Scientists are one step closer to using CRISPR-Cas9 to cure some types of hearing loss.
In a paper published Wednesday in Nature, researchers describe how they used the CRISPR-Cas9 complex to alter a faulty gene associated with a form of inherited, progressive hearing loss in the tiny ears of newborn mice.
Eight weeks after receiving the treatment, the mice were able to hear significantly better than their untreated peers.
Specifically, the treated mice could hear at the level of a quiet conversation, while the untreated mice could hear at the level of an old fashioned garbage disposal.
The authors said that while the new work is promising, much more research needs to be done before they know if the same technique will work in humans.
“Sometimes the mouse model is a good approximation of how the human patient behaves and sometimes not,” said David Liu, a professor in the department of chemistry and chemical biology at Harvard University who led the work.
Still, he said there are reasons to be optimistic. In part, that’s because the same mutation leads to progressive hearing loss in both mice and humans.
Previous studies have shown that genetic factors are responsible for nearly half of all cases of deafness.
In addition, approximately 20% of genes associated with genetic deafness are dominantly inherited. That means that if you get one good copy of the gene from one parent and one bad copy from the other, it’s the bad gene that will prevail.
In this study, the authors worked with a strain of mice known as the Beethoven strain, after the famous composer who suffered progressive hearing loss over the course of his life.
Beethoven mice have a single erroneous letter in a gene called TMC1 that causes the animals to gradually lose their hearing. The genetic defect affects the function of small hair cells in the inner ear that detect acoustic vibrations. As time goes on, most of the hair cells die off in mice — and people — with the genetic mutation.
To keep this from happening, the authors set out to use the CRISPR gene editing system to bind to and cut the faulty TMC1 gene, allowing the good copy to become dominant.
Xue Gao, a post-doctoral researcher in Liu’s lab and the first author on the paper, faced two main challenges when she took on this work, Liu said. She had to figure out the best way to get the CRISPR system into the hair cells of a mouse’s inner ear. She also had to make sure that the CRISPR complex disrupted only the bad copy of TMC1 and left the good copy intact.
To get the CRISPR machinery into the cells, Gao turned to a method developed by Liu’s lab in 2015 of using tiny lipid bubbles to encapsulate the CRISPR complex. The bubbles — Liu describes them as minuscule soap bubbles — are positively charged which allows them to bind with the cell membrane fairly easily.
Ensuring that the CRISPR system only altered the bad copy of TMC1 proved a little more challenging, however.
In Beethoven mice, and in humans with the same genetic defect, the two copies of the TMC1 gene differ by only one letter, or nucleotide. That makes the good copy an easy target for the gene editor.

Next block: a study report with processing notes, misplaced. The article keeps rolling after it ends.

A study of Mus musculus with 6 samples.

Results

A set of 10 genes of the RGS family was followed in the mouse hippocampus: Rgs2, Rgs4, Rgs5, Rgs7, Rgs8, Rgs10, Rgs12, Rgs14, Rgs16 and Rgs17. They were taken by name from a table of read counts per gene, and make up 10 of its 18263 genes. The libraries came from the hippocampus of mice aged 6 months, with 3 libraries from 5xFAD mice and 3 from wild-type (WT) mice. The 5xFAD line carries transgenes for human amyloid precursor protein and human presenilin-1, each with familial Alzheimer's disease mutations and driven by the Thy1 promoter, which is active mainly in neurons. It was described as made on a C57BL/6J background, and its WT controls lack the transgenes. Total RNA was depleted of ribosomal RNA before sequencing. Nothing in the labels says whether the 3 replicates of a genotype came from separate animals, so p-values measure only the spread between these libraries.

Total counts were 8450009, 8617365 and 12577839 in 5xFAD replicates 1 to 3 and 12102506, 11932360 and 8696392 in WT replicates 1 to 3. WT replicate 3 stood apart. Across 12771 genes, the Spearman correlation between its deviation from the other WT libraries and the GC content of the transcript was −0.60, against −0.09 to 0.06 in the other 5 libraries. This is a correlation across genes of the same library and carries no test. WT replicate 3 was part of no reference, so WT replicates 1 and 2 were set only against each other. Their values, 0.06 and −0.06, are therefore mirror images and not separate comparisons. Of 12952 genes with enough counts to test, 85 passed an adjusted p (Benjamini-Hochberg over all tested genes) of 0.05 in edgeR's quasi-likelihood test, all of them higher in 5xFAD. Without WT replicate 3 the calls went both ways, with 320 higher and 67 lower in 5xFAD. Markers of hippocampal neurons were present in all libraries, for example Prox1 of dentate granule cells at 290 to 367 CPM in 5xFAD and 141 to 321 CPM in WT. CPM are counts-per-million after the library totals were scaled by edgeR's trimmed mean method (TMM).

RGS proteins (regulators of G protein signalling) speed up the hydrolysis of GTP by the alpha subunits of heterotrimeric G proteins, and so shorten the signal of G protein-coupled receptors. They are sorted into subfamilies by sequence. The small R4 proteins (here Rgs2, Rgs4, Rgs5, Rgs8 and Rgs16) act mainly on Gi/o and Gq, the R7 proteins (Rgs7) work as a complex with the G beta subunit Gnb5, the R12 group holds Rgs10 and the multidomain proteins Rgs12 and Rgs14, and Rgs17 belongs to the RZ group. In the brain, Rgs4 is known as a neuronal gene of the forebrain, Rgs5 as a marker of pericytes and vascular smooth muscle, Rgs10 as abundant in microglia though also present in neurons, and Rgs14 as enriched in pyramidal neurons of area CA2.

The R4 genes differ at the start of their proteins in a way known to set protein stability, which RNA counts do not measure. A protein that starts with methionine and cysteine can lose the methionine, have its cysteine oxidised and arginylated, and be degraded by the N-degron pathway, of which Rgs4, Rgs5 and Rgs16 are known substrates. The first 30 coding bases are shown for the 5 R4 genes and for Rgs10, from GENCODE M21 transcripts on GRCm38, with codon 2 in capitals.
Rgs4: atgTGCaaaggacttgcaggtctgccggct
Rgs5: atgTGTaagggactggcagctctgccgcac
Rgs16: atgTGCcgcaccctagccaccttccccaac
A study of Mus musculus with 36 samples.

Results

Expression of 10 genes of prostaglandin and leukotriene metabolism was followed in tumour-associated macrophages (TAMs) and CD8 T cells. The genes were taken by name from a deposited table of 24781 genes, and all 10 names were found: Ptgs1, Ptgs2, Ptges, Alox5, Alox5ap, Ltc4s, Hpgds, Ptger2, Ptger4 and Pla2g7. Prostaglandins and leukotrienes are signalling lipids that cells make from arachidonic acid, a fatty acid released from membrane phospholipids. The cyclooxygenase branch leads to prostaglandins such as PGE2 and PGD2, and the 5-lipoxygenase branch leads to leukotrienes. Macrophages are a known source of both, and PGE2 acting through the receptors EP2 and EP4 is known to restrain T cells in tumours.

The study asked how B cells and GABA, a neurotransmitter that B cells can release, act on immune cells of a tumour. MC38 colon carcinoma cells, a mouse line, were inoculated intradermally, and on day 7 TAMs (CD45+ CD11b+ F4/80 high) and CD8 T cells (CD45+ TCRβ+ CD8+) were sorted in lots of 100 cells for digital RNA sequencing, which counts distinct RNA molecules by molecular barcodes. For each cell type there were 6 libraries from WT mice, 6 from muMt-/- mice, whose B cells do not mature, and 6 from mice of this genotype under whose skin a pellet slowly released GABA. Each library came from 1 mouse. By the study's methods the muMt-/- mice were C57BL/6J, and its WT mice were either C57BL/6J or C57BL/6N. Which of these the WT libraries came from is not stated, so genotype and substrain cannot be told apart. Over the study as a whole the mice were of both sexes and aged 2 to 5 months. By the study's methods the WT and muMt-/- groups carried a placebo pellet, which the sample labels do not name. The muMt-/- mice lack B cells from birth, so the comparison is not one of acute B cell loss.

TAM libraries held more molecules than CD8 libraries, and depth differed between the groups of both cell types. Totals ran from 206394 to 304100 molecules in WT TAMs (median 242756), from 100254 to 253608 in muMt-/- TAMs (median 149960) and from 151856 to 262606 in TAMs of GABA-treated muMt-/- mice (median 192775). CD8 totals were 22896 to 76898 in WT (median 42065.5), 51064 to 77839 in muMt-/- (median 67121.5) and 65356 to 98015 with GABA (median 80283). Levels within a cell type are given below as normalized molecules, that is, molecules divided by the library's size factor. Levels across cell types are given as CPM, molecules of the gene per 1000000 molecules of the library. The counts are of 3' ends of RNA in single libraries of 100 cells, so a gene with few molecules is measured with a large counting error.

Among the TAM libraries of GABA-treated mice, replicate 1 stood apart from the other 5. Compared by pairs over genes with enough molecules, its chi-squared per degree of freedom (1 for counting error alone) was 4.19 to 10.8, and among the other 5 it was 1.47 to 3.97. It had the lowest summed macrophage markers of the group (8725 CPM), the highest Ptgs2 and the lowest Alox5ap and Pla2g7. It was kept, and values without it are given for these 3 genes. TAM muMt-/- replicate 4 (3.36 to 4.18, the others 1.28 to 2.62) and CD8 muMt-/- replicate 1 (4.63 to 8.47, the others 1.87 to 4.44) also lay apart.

Indeed, in early experiments in test tubes, the authors found that their CRISPR system didn’t do a good job of picking out the bad gene over the good one.
“We were tempted to give up at that point,” Liu said. “If you don’t have a selective editing strategy, then you wind up damaging the healthy form of the gene. That would lead to hearing loss rather than preservation.”
Once again, a previous study came to the rescue.
Scientists often insert instructions for building the CRISPR complex into cells, rather than inserting the complex itself, Liu explained. However, research has shown that if you deliver a pre-assembled CRISPR system into the cell, it tends to have less off-target editing errors.
“That gave us hope,” Liu said.
When Gao tried the experiment with the pre-made CRISPR gene editor, the number of off-target edits dropped significantly.
Once these two hurdles were cleared, the team injected a cocktail of CRISPR and lipid bubbles into the inner ears of Beethoven mice and then tested the effects of the treatment.
After eight weeks they found that the number of hair cells in treated Beethoven mice were almost indistinguishable from those in mice without the genetic mutation. Meanwhile, the inner ears of untreated Beethoven mice were almost completely devoid of the hair cells.
The researchers also ran the mice through a suite of hearing tests. These showed unequivocally that Beethoven mice that had received the CRISPR-lipid cocktail had indeed retained more of their hearing than those that did not.
Fyodor Urnov, a molecular biologist at the Altius Institute for Biomedical Sciences in Seattle who was not involved in the work, said the new study provides an essential first step toward moving this type of approach nearer to the clinic.
But in an essay accompanying the study, he cautioned that several more steps will need to be taken before we get there.
For starters, Liu said this method will need to be tested in larger animals before clinical trials in humans can be considered.
“Mice have been cured of many diseases,” he said.